Joseph Hiester (November 18, 1752 - June 10, 1832) was the fifth Governor of Pennsylvania from 1820 to 1823.
Joseph Hiester, a son of John Hiester and Maria Barbara Epler (natives of Witzenstein, Westphalia), was born in Bern Township, Berks County, on November 18, 1752. He received a common-school education. Young Hiester worked on the family farm. At the age of 19 he moved to Reading where he became a clerk in a store run by Adam Whitman. He became a partner in the store in 1771 when he married Elizabeth, Whitman's daughter.
As a Whig sympathizer, he fervently opposed the proprietary government and was a representative to the state convention, which assumed governing control at the outset of the Revolution. As a captain of militia, Hiester was zealous in raising soldiers at the beginning of the Revolution and served with distinction. Captured near Long Island, after many of his compatriots were wounded or killed, he suffered harsh treatment while confined on British prison ship "Jersey." After he was released in a prisoner exchange and recovered at his home in Reading, Hiester returned to duty, but was wounded in the head, although not severely, in the battle of Germantown.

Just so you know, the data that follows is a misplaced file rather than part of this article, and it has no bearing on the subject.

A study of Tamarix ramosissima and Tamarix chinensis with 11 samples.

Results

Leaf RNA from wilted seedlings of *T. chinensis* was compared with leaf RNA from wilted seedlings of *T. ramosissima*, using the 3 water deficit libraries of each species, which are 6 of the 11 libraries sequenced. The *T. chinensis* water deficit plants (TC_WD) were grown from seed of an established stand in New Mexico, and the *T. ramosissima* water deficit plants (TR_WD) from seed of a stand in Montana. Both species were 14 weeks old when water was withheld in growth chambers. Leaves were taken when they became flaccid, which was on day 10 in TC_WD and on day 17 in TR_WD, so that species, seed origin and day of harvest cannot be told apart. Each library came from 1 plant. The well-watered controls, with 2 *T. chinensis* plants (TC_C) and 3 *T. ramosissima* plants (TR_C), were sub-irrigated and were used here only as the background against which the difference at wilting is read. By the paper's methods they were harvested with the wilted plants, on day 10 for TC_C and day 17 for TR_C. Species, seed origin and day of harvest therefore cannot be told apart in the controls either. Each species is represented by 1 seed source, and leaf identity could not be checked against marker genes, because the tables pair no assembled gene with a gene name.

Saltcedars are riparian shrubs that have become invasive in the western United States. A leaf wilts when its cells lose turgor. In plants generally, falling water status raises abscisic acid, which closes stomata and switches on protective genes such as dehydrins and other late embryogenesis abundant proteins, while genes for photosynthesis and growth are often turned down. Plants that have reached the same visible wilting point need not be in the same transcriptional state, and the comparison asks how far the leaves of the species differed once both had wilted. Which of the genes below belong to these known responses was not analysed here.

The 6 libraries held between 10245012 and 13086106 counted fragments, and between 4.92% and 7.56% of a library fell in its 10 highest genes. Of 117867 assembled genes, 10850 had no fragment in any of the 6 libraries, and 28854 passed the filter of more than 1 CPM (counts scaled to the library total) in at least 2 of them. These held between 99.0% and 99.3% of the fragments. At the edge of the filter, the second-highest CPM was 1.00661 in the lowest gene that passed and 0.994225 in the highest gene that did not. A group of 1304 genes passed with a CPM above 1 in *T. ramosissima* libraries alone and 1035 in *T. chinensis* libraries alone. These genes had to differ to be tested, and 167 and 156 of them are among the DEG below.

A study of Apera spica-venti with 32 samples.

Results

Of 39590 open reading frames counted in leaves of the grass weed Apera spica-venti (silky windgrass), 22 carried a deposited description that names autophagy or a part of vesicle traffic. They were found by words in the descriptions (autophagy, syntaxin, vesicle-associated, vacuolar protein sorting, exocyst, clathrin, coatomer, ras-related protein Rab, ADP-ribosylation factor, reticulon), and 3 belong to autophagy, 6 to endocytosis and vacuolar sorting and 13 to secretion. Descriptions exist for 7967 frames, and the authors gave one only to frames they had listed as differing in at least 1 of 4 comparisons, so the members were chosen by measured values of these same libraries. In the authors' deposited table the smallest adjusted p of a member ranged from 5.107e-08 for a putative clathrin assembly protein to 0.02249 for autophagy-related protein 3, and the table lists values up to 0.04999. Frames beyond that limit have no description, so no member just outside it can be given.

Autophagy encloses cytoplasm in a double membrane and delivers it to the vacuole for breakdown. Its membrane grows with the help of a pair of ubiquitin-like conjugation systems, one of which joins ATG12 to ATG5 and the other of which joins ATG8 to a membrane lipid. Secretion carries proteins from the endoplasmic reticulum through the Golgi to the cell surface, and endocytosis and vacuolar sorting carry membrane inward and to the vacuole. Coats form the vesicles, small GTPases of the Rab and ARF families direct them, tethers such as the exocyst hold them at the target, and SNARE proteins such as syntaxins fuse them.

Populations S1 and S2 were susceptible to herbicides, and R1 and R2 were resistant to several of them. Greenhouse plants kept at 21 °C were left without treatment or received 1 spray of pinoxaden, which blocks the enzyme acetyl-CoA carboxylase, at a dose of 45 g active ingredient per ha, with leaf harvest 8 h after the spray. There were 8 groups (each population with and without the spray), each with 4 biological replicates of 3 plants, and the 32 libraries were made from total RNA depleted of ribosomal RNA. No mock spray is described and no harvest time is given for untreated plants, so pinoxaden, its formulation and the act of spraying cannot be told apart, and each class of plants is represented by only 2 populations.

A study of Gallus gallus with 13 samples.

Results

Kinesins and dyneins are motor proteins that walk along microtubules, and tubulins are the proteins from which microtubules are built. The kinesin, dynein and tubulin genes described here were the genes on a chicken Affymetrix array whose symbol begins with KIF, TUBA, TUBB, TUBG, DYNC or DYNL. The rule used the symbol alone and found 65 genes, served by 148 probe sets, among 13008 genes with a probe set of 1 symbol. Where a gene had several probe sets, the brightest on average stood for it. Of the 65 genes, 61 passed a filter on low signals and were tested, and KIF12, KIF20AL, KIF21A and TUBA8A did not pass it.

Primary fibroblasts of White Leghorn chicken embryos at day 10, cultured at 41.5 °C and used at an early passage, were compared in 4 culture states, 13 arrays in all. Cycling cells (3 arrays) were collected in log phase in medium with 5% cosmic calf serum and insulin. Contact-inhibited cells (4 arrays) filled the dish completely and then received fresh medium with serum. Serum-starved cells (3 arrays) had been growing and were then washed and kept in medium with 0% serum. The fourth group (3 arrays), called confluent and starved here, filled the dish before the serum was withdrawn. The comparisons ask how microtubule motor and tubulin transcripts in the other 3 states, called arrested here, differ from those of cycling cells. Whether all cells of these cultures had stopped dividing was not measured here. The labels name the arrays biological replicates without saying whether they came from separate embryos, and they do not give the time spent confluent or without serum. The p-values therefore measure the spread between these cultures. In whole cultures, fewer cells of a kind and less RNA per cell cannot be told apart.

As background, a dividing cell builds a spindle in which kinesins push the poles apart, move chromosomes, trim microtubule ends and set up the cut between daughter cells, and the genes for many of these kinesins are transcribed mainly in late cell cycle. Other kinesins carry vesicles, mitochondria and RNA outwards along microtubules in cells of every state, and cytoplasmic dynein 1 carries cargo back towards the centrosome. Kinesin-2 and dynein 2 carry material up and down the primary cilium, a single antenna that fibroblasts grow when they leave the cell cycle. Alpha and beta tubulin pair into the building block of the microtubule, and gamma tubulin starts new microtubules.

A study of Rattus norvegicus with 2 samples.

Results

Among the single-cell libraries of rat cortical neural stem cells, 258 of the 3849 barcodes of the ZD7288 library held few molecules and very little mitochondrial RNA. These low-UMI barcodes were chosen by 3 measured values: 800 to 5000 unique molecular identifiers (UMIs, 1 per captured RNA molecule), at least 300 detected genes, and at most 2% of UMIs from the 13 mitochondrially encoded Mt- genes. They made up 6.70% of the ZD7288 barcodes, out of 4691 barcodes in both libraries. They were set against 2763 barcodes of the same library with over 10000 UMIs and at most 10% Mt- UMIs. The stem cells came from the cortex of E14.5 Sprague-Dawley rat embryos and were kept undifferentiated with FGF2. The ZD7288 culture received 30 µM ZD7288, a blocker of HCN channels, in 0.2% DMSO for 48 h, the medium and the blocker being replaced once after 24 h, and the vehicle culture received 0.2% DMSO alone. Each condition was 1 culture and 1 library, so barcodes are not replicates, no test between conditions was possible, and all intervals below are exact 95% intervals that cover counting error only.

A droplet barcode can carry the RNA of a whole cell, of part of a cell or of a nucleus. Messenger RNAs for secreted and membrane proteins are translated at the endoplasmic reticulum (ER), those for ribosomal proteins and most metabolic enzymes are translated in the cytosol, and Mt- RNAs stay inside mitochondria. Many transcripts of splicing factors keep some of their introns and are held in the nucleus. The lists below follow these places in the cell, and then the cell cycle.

Following the war, Hiester partnered with his father-in-law, Adam Whitman, in the mercantile business in Reading, but soon shifted his attention to politics.
In 1779, Hiester was one of the commissioners of exchange, seizing property from Revolutionary "traitors." For several years Berks County elected him to the State Legislature. He served in the Fifth, Sixth, Seventh and Eighth Congress, from 1779 until 1805, and again in the Fourteenth, Fifteenth and Sixteenth Congresses, from 1815 to 1820.
He was a member of the Pennsylvania Constitutional Convention of 1789; a major general of the state militia; and beginning in 1810, joined the "old school" faction of the Jeffersonian Party as an Independent Republican (formerly "Constitutional Republicans," 1806). Defeated for governor in 1817 by William Findley, he returned triumphant in 1820 to occupy the governor's residence, then at 21 North Front Street in Harrisburg, today the location of the Art Association of Harrisburg. Beginning his term at age sixty-eight, Hiester had initially been a reluctant candidate for governor, but by the end of his term refused to allow his name to be considered for a second term.
Social progress occurred while he was in office, although not credited to the governor, but he is credited with helping to extend additional education for citizens at little cost and he presided over the dedication of the first state capitol building in Harrisburg. After his term was over, he returned to Reading where he managed several farms and mercantile businesses. Hiester died on June 10, 1832, was originally interred in Reading's Reformed Church Burying Ground, and later reinterred in Charles Evans Cemetery, Reading.